By Kathryn Hardison
The end of the 2017 World Championship closing ceremonies marked the end of an era for many.
Alex Cary and Tanner Bergersen were of the first members to join Minnesota-based River City Rhythm indoor percussion in 2009. The young ensemble began competing in Independent A class, but Cary and Bergersen finished their eight-year journey in Independent World class this year.
Eight years ago, executive director Beau Hansen and three other staff members combed Minnesota high schools for willing students to join River City Rhythm. Indoor drumline was budding concept to the Twin Cities, and Hansen wanted the local high schools to have an opportunity to enjoy the world-wide sport.
“At the time, we were just excited to get off the ground. We had to beg kids to come and check it out,” he said. “We were thinking that if we could do okay in (Independent) A class, and go up to WGI (World Championships), we could give the kids a good experience.”
Hansen underestimated the newly formed group, and was blown away by the dedication and skill of the ensemble.
“We did a lot better than we were expecting to that first year, and I can say that about every year since then. Every year we’ve exceeded expectations, and its largely because of guys like them,” Hansen said, referring to Cary and Bergersen. “Looking back at that first year, and if you had asked me if we would last more than two or three years, that would have been exciting, but eight years?”
Cary and Bergersen admit that they were originally a little weary about joining RCR, but now could not imagine their high school or college experience without it.
“I had a lot of friends talk about this indoor drumline thing, and I didn’t know much about indoor drumline at all,” Cary said. “They tempted me to come check it out and the rest is history.”
Cary, a snare player, joined RCR when he was a freshman in high school with no marching experience. When transitioning from high school to college, Cary considered leaving the group, though, he says he could “feel the way the group was headed, and wanted to stay in Minnesota” to be a part of it.
Unlike Cary, Bergersen had a year of marching band under his belt before joining RCR his sophomore year of high school.
“I had no idea what I was getting myself into. Looking back, I was more nervous to audition than getting a spot in the group,” Bergersen said.
Bergersen spent a season marching snare, but ultimately identified as a tenor player. He says the activity became a part of his school year, and it would be difficult for him to not participate in the sport.
“The motivation to learn and get better at music and perform an art for other people to spectate was kind of the reason that I wanted to do it more, and it was an activity outside of school that I could grasp onto other than sports,” Bergersen said.
Since its conception in 2009, RCR has grown not only in size and talent, but has joined the world of color guard and drum and bugle corps. In 2014, RCR added its presence to the WGI color guard realm through a partnership with Lux Independent, an Independent World class group, according to the RCR website. A year later, RCR expanded its talents to include a drum and bugle corps ensemble, meeting the need for a DCI group in the Twin Cities area. RCR Drum Corps has placed in finals competition for the last three years in Open class.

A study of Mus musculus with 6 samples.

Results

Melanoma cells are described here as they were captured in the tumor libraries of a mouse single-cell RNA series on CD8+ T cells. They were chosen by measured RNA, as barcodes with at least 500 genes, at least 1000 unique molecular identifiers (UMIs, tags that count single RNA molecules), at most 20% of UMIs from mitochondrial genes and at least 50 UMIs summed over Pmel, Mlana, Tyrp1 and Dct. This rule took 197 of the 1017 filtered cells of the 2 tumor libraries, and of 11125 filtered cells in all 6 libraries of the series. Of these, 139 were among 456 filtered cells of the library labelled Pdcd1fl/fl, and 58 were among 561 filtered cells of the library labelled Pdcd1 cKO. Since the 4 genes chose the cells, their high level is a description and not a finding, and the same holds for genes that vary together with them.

RCR’s indoor drumline has been performing in the Minnesota Percussion Association and WGI since its founding year. In that time, the group has placed in Independent A finals, and competed in Independent Open and Independent World classes.
Hansen says RCR leaders were hesitant this year to reclassify the group to World class mid-season.
“There was mixed feelings about building on that success,” Hansen said. “These guys deserved that opportunity, even if it’s going to be one-and-done in World class. We built the group in (Independent) A class and finished in World – that’s cool.”
RCR did not make finals in the 2017 WGI World Championships, but Cary and Bergersen were proud of how far the ensemble came in eight years.
“I hope they continue to push the activity, grow RCR, and grow the percussion talent in Minnesota,” Bergersen said.
As the two move on to other new adventures in their life, both men have favorite memories of WGI to hold on to.
“For me, it’s a tie between taking bronze at World Championships last year and getting reclassified this year,” Cary said.
For Bergersen, his favorite memory was experiencing WGI for the first time.
“The first year was awesome. It’s super inspiring to see where the talent can go and how far you can push the activity,” he said. “The amount of people that were interested in watching a snare sub-lot, or watching the warm up outside before the show, and knowing how many people get together each year to come around this activity is awesome.”
About the Author: Kathryn Hardison is a journalism student at the University of Missouri, majoring in news reporting and minoring in political science. Prior to college, Kathryn went to Kickapoo High School in Springfield, Missouri, where she marched the flute in the fall and played the cymbals for the Kickapoo Indoor Drumline. During her four years in marching band, Kathryn competed with the Kickapoo Golden Arrow Marching Band, of which she later became the flute soloist and junior and senior flute section leader. Kathryn’s career in the Kickapoo Indoor Drumline included placing 8th in PSA World Championship finals in 2015 and a promotion to PSO. After college, Kathryn plans to write for a newspaper.